Warriors CEO Cameron George says the club plans to sound out Sonny Bill Williams regarding a short-term deal as several NRL rivals eye off the cross-code superstar for the rest of 2020.

Williams is one of seven Australian or New Zealand players to be granted permission by Toronto Wolfpack to pursue contracts elsewhere following their withdrawal from the Super League on Tuesday morning.

It's understood Williams' longtime agent Khoder Nasser has fielded inquiries from a number of NRL sides since Toronto confirmed their withdrawal.

However, several significant hurdles would need to be cleared before he or any other Wolfpack player can link with an NRL outfit.

The Warriors are yet to make contact with Williams' camp but George told NRL.com the 34-year-old holds obvious appeal to shore up Todd Payten's beleaguered squad.


"We'll reach out for sure to try and understand the situation, we're already looking for loan players so imagine if it came off.

"The stars would have to be aligned, and I don't know if and when Sonny could even get to Australia. But we'd be mad not to ask the question."


Whether any Toronto player will actually land in the NRL remains to be seen given uncertainty over the validity of playing contracts with the Wolfpack, insurance if a player was injured, travel and quarantine procedures and fitness.

With just 10 rounds remaining in the Telstra Premiership, Wolfpack players joining NRL clubs may be available for as few as six matches by the time a deal is negotiated, flights organised and they spend two weeks in mandatory COVID-19 quarantine upon arrival in Australia.

One Sydney club CEO said: "Too complicated. Not interested".

Another said there weren't many players on the Wolfpack's roster worth the effort or cost.

The NRL has indicated that any player looking to link with an Australian side will need to do-so on a new NRL contract, with temporary loans only available between NRL clubs pending approval from the governing body.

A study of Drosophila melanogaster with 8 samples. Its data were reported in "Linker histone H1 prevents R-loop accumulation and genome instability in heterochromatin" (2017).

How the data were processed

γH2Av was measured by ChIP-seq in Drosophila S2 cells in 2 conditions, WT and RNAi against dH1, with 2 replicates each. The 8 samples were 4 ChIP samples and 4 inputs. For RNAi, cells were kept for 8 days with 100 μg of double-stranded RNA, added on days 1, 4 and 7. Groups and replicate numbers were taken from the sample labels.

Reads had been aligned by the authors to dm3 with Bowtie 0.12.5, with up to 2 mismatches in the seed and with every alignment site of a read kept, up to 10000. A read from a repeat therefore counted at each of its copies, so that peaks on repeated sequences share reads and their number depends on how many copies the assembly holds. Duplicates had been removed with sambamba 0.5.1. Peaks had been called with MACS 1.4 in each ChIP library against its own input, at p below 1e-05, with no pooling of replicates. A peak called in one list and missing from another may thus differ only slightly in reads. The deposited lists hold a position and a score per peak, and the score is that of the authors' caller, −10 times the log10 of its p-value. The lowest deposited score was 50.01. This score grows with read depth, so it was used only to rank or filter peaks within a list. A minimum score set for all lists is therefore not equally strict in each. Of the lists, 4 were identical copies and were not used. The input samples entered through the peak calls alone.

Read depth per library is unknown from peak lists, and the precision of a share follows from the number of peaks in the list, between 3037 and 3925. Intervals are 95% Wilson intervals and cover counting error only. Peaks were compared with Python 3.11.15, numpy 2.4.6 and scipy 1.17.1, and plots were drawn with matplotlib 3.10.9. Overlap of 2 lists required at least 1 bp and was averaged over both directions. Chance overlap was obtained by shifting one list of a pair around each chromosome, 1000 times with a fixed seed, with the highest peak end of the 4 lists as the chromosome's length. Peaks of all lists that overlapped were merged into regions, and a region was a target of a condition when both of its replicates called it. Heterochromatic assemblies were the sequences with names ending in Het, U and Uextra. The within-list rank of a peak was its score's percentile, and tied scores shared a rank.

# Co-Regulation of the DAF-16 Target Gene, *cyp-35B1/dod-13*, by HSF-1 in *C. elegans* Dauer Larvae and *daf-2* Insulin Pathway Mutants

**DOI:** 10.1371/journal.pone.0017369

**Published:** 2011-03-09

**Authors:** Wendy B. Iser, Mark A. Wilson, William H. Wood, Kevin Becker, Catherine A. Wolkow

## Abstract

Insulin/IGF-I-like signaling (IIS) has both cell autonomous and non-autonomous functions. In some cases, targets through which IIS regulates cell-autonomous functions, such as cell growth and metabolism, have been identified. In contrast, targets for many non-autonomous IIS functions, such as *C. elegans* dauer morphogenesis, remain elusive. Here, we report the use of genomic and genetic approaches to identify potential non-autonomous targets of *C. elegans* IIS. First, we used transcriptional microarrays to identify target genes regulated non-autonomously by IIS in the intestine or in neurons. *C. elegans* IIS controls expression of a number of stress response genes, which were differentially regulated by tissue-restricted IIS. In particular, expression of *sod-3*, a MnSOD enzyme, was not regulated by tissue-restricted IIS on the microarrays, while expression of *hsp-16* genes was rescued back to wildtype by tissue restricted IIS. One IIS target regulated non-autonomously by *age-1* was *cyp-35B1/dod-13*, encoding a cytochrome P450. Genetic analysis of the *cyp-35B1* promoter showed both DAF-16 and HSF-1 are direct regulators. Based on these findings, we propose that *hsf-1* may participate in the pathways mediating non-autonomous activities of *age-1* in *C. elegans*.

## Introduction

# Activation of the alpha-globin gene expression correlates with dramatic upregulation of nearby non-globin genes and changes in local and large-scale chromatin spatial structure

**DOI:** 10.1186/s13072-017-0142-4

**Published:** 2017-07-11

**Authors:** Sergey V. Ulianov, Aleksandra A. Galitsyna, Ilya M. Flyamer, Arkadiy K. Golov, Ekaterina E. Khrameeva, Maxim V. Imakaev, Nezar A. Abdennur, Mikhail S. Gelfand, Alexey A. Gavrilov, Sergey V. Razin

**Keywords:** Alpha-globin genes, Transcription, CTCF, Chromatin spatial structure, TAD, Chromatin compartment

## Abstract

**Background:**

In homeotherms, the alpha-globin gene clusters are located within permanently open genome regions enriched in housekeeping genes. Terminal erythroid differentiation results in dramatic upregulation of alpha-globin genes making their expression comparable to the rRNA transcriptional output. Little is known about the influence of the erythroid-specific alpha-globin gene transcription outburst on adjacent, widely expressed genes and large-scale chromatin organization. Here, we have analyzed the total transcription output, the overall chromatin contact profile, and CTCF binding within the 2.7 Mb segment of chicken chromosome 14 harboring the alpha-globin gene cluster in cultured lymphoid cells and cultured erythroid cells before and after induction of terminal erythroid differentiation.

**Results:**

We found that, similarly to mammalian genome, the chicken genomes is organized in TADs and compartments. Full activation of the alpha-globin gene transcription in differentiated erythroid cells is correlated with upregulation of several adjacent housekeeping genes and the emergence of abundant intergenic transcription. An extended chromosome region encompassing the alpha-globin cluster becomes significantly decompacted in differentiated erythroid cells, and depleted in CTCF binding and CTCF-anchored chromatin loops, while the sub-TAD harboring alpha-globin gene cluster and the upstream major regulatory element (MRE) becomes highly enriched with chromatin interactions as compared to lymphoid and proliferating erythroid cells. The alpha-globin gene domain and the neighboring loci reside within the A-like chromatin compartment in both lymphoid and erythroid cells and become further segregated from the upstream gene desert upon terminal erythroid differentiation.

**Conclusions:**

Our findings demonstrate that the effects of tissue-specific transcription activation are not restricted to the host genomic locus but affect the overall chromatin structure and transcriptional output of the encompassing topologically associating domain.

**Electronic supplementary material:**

Similarly, another hurdle looms in the requirement for any player to be signed in line with what the NRL perceives to be their market value.

Wolfpack owner David Argyle has signalled that the Canadian club wants to re-join Super League next season and Williams is on a contract worth $10 million for two years, while Leutele is believed to be the highest-paid centre in the world.

Other players on lucrative contracts with Toronto would be reluctant to walk away unless they were guaranteed similar deals in the NRL.

Forwards Darcy Lussick and Bodene Thompson, halfback Josh McCrone, centre Chase Stanley and utility Blake Wallace are the other Australian or New Zealand players under contract to Wolfpack.


The Roosters are a natural link given Williams' close bond with chairman Nick Politis and his role in their 2013 title win under Trent Robinson, however, the reigning premiers have filled their top-30 squad for this season.

Accommodating Williams, or any player for that matter, would require a player being moved on before the August 3 mid-season transfer deadline, which coincidentally falls on the Kiwi veteran's 35th birthday.

Williams is currently believed to be in Manchester with his wife Alana and their four children, while they decided whether to return home to Auckland, travel to Australia so Williams can play in the NRL or remain in Europe.

As for Toronto, the fledgling club cited several factors behind their withdrawal just two weeks prior to the Super League's resumption.

Visa issues exacerbated by the COVID-19 pandemic, as well as reduced revenue from tickets, sponsorship, merchandise and game-day business after losing the ability to stage home games as "specific to the club as the only transatlantic team in the league", led to the call.

The RFL said in its own statement that it was left "very disappointed" by the move given the Wolfpack had given assurances they would turn out as recently as last Thursday.

"A discussion around the longer-term consequences and the future of the Wolfpack in Super League will commence shortly," the RFL said.